Indie pop quintet Eisley is set to release their long-awaited third album The Valley on March 1. The album was put on hold for years due to the band’s tumultuous relationship with Warner Bros. Records. Now a part of the Equal Vision Records lineup, the Dupree family (sisters Stacy, Chauntelle and Sherri, brother Weston, and cousin Garron) are free to explore and experiment as they see fit. Stacy and the gang felt a “big, collective sigh of relief now that the whole thing [was] over.” Stacy discusses the The Valley and the band moving forward in 2011.
Much has happened to all of you during the four years between Combinations and The Valley. How does it feel to finally have The Valley released?
It’s a funny thing when you create something with the intent of it being the next step in your life and you’re fully prepared to release it to the winds of time, and then circumstances change, and then you are sitting around, waiting and waiting. You almost start to feel total resentment for the thing you’ve made after a while because it has been holding you back from your ambitions for about a year. We’ve had to be extremely patient.
You guys are now on Equal Vision Records. It wasn’t a secret of your issues with Warner Bros. Records. Is there anything that you could take away from that experience of being on a major record label? Could you share any advice for fresh bands looking for record deals?
Well, the funny thing about us is we weren’t looking! The major label found us at a time when we were very young and impressionable. We didn’t know anything about the industry at the time. It all happened pretty quickly for us and when I look back I’m thankful we were so young because we learned about ourselves as artists. We learned we didn’t want to have to fit any type of mold. We wanted to be ourselves and we wanted to have full artistic freedom. And you just cannot have that on a major. And now we have that, and we actually talk with the people we work with on a daily basis. It’s such a relief to not have to be guessing if people are doing what they say they are.
On The Valley, within the first few seconds of the opening title track I could tell this would be a different Eisley than I knew from previous albums, yet in some ways it still felt familiar. Was it a conscious effort to maintain that Eisley sound?
We always hope to maintain the true essence of who we are as a band, but you’ve got to move forward and occasionally shift gears and pay attention to what’s really happening inside of you at the moment. And for us it was a fearful, passionate, desperate time in all of our lives, so it was really unavoidable. You can’t just bury you head in the sand; you have to walk through it.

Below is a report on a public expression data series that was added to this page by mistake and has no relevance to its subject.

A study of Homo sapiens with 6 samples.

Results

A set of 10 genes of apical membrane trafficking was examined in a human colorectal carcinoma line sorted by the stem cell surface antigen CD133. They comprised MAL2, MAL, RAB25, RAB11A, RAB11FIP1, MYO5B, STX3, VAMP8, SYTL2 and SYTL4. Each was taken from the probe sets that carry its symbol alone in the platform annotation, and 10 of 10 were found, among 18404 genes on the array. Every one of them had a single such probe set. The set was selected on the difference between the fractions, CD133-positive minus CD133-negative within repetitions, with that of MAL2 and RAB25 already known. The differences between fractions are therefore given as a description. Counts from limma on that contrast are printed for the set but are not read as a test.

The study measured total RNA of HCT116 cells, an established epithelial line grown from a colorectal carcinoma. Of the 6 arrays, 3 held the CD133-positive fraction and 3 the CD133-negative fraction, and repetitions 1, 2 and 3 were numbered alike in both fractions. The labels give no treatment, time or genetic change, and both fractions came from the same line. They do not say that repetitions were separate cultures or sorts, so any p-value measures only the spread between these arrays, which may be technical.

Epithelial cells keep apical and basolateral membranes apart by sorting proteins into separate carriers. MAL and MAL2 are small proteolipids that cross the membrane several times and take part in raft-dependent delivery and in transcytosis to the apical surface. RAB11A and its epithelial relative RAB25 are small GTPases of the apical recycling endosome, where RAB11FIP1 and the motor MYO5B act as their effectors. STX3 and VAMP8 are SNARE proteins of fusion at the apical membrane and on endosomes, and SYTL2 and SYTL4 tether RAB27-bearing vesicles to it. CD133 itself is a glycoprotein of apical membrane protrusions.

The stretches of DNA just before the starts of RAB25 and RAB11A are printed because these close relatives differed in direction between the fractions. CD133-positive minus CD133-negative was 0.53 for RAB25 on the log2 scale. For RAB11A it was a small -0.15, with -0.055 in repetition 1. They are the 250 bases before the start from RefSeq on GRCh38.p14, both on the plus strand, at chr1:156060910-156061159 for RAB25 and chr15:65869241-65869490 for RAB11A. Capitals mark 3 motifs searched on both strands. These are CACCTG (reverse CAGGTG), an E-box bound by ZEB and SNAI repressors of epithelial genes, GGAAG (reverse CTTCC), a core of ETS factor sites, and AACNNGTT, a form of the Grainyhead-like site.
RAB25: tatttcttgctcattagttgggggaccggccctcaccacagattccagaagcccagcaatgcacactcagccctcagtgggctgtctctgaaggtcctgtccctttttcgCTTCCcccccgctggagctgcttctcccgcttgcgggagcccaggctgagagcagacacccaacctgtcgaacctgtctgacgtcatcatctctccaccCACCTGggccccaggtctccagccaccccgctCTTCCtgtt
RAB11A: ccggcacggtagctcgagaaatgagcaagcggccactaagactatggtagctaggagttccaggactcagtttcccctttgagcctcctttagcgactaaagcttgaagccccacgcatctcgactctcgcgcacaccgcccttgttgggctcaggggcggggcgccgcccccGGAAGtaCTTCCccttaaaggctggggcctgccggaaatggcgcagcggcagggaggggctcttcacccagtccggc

The Valley is definitely more aggressive than earlier Eisley compositions. You described it as “self-empowerment.” Was it difficult to come together to work on the tracks given the source material? Was it ever just too much to deal with?
No. It felt appropriately timed. We were ready to put our hands to work. I never remember feeling worn down during the process, everyday was a new experience and we felt in control for the first time in our career.
On one hand, the band is so accessible through interviews, video posts, blogging, and Twitter. On the other hand, much of your personal lives ends up broadcasted. How do you feel about your private lives being so public? Is there a line that you strive not to cross?
I think I am the most closed as far as my personal life goes. I want to be open artistically in a huge way, but I can’t handle my personal life being open territory for other people to look upon and feel entitled to. I’m just different. I do love our fans however and love how dedicated they are to our music. I always want it to be about that first and foremost.
I was at one of your shows where you had actually performed “Telescope Eyes.” Are there songs from Combinations that you are similarly reluctant to perform live?
Ha yes, some of them just don’t go over live, for whatever reason. I am looking forward to having three albums to draw from live.
You guys tour a lot. How has touring affected your music? Any favorite venues?
Oh, it’s not so much about the venue, in my opinion, unless it were some gorgeous room with chandeliers and amazing architecture. Otherwise, I tend to just focus on the crowd.
You tweeted that hadn’t seen actual pavement until Kansas City. How was traveling through Snowpocalypse? Was it hard to get to a local Starbucks?
It was rough, we got stuck multiple times and should have wrecked more times than I can count.
P.S. I love how everyone’s adding apocalypse to every word lately, cracks me up.
What can we expect from Eisley in 2011?
A lot of touring, we are ready to work hard. Honestly I’ve learned to not expect things to happen in life. Nobody is owed anything, so I just try and enjoy the beautiful parts.